Poachers open up on Tessas

Battle is being joined for pounds 24bn of accounts.

A battle for control of pounds 24bn of tax-exempt special savings accounts or Tessas is beginning to hot up, and there are signs we could be in for a war if Tessa providers start trying to poach renewal business from each other.

The first shots are being fired by Save & Prosper, the savings and investment arm of the merchant bank Robert Fleming, which is floating new Tessa products now in the hope of catching the eyes of more than four million Tessa investors and tempting them to transfer.

The Tessa was invented by John Major when he was briefly Chancellor in 1990, and allowed investors who put money into a Tessa account to keep the interest free of income tax provided they held the account for five years. Investors can invest pounds 3,000 in the first year, and pounds 1,800 in years two to five, building up to a maximum of pounds 9,000.

Tessa holders are already free to transfer funds to another provider if they want without losing tax advantages. The great majority have stayed loyal, partly through inertia, partly because most Tessa providers built in transfer penalties and/or terminal bonuses when most accounts were opened in 1991, and most holders will want to stay the course.

There are now 4.05 million Tessa accounts, but 98 per cent of them were first opened in the first six months of the scheme in 1991, and will have completed their qualifying period within the first six months of 1996. The holders will then be completely free to shift their Tessas to another home without risk of penalties or loss of their tax advantages.

Almost 60 per cent of holders have taken their full entitlement each year and already hold the pounds 9,000 maximum allowed. Another 28 per cent made an initial deposit and have not added to it since, either because they had no more spare capital and could not manage to save anything more out of income, or because they were disillusioned by the drop in the interest rates they could earn.

When Tessas were first introduced interest rates were well into double figures and rates of 14 per cent tax-free were on offer. But virtually all Tessas have been variable rather than fixed-rate offers and the interest earned has fallen steadily to a low of around 6 per cent last year before starting to edge higher. Most variable-rate Tessas now offer 6.5-6.75 per cent.

The Chancellor, Kenneth Clarke, signalled his intention of renewing and rolling over existing Tessa rules in his Budget last November, allowing investors to keep their existing pounds 9,000 maximum and add a similar sum over the next five years.

But many banks and building societies have expressed concern that, with interest rates currently half the initial levels of 1991, investors may be tempted to take their tax-free entitlement and invest it in higher- yielding products and more flexible tax-free products such as the fashionable corporate bond personal equity plans.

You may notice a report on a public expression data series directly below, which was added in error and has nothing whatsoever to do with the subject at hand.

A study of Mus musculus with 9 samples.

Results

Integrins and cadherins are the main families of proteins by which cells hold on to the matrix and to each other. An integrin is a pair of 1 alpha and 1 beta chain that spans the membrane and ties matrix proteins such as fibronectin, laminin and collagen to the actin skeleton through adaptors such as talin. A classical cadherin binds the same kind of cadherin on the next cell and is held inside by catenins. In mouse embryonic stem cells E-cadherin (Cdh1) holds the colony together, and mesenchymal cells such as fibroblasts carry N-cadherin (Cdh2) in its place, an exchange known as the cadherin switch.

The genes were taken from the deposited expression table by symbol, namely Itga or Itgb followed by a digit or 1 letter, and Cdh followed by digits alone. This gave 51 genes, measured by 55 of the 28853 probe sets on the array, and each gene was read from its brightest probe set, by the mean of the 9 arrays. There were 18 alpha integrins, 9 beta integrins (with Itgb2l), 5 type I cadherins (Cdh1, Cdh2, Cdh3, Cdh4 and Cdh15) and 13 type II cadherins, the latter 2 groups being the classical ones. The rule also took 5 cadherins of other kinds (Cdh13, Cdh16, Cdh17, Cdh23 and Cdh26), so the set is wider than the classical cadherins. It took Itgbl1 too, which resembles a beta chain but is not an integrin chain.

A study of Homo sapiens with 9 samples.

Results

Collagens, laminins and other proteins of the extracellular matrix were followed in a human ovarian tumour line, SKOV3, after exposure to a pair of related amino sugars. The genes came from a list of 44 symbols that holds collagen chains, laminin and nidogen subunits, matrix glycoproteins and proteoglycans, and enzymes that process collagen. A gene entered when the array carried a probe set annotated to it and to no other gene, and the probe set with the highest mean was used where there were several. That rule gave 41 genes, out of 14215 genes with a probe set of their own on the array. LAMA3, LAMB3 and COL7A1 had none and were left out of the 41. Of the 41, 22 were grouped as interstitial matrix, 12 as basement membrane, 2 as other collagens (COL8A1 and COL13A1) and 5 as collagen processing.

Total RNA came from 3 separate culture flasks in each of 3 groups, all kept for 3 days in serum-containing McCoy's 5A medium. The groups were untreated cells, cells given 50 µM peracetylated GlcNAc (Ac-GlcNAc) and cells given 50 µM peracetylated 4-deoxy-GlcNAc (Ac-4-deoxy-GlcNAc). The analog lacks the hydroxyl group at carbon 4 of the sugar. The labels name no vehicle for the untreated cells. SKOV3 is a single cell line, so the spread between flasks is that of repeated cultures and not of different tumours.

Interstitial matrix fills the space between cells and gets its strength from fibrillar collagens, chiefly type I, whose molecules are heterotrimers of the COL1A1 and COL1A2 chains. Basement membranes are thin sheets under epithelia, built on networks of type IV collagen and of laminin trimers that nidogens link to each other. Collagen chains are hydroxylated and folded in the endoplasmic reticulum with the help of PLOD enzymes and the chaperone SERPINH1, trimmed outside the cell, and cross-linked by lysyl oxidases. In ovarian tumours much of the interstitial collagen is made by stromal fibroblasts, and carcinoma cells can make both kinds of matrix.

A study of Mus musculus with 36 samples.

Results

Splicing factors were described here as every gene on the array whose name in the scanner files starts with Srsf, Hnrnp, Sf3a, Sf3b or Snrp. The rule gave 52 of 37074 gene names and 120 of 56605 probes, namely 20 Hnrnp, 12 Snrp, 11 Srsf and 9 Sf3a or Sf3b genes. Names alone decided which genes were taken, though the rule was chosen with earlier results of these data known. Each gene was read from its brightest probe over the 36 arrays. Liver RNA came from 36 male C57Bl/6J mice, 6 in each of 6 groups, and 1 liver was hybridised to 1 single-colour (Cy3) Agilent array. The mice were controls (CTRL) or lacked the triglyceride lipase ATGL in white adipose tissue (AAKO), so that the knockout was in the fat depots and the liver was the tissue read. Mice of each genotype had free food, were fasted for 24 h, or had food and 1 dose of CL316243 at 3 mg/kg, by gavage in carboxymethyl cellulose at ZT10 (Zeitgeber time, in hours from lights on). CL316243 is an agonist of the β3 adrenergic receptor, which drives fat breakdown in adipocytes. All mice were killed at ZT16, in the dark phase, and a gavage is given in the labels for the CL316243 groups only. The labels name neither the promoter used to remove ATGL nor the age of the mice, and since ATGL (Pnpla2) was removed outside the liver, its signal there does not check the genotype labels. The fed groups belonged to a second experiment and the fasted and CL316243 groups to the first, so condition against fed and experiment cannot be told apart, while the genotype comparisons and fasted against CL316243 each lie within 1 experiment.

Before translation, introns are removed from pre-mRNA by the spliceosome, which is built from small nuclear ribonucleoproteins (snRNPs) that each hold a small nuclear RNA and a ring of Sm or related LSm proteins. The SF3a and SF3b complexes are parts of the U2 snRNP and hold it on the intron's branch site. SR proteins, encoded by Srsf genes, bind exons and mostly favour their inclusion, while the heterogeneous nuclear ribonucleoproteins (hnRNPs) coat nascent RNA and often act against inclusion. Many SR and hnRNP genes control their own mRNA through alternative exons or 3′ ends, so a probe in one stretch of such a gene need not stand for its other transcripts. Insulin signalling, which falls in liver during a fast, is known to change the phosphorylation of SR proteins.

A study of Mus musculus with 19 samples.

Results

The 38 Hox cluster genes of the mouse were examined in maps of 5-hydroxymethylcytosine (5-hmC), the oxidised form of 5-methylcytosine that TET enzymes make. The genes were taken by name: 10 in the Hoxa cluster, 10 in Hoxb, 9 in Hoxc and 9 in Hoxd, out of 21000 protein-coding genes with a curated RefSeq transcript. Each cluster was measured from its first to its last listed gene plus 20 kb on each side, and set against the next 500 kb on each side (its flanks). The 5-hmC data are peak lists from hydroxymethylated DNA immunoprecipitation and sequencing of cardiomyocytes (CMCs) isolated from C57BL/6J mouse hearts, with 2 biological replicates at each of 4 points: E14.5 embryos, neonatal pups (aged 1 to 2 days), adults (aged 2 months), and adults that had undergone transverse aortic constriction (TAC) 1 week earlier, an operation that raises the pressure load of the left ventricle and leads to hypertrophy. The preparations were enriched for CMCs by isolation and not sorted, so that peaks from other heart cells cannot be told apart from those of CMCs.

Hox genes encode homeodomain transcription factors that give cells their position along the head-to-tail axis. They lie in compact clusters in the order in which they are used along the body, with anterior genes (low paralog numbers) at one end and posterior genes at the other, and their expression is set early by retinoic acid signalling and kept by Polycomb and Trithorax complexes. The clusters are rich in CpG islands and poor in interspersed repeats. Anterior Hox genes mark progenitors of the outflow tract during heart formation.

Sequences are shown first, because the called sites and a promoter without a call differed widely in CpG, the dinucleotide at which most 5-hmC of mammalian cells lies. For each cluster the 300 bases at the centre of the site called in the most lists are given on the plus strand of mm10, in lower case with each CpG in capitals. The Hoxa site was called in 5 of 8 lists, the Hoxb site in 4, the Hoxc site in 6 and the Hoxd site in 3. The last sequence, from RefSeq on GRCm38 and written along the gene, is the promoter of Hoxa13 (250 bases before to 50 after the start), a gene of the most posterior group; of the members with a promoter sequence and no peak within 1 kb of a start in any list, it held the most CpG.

With one eye on the competition, Save & Prosper this week announced a new Tessa account paying a guaranteed fixed 7.5 per cent tax-free for the next five years. It guarantees that an initial deposit of pounds 9,000 from an existing Tessa will grow to pounds 12,920 by 2001 if no interest is withdrawn.

If investors transfer their existing Tessas to S&P it is also offering to pay the 7.5 per cent on the entire balance of all Tessas transferred from another provider until the maturity date of those existing accounts. The offer is open to all holders of Tessas maturing in the first five months of 1995 provided they agree to open another Tessa with Robert Fleming.

Investors who do not at present have a Tessa can also invest up to the maximum of pounds 3,000 for a first year's instalment and qualify for the 7.5 per cent guaranteed rate, although additions in subsequent years will qualify for whatever is the going rate at the time they are made.

Investors who want to take income from their Tessa will be paid a guaranteed 7.3 per cent tax-free payable every three months. The Tessa will, however, be invalid if any capital or more than 75 per cent of the accumulated interest is withdrawn.

Barclays Bank announced a new fixed-rate Tessa two weeks ago, offering a guaranteed 7.4 per cent tax-free for two years, after which the rate will revert to the going variable rate at the time. Other providers are actively considering plans for long-term sweeteners to persuade existing holders to stick with them and up-front offers probably for a limited period to tempt others to transfer across.

Investors can expect announcements any time, but should wait until all the offers are on the table before taking any action.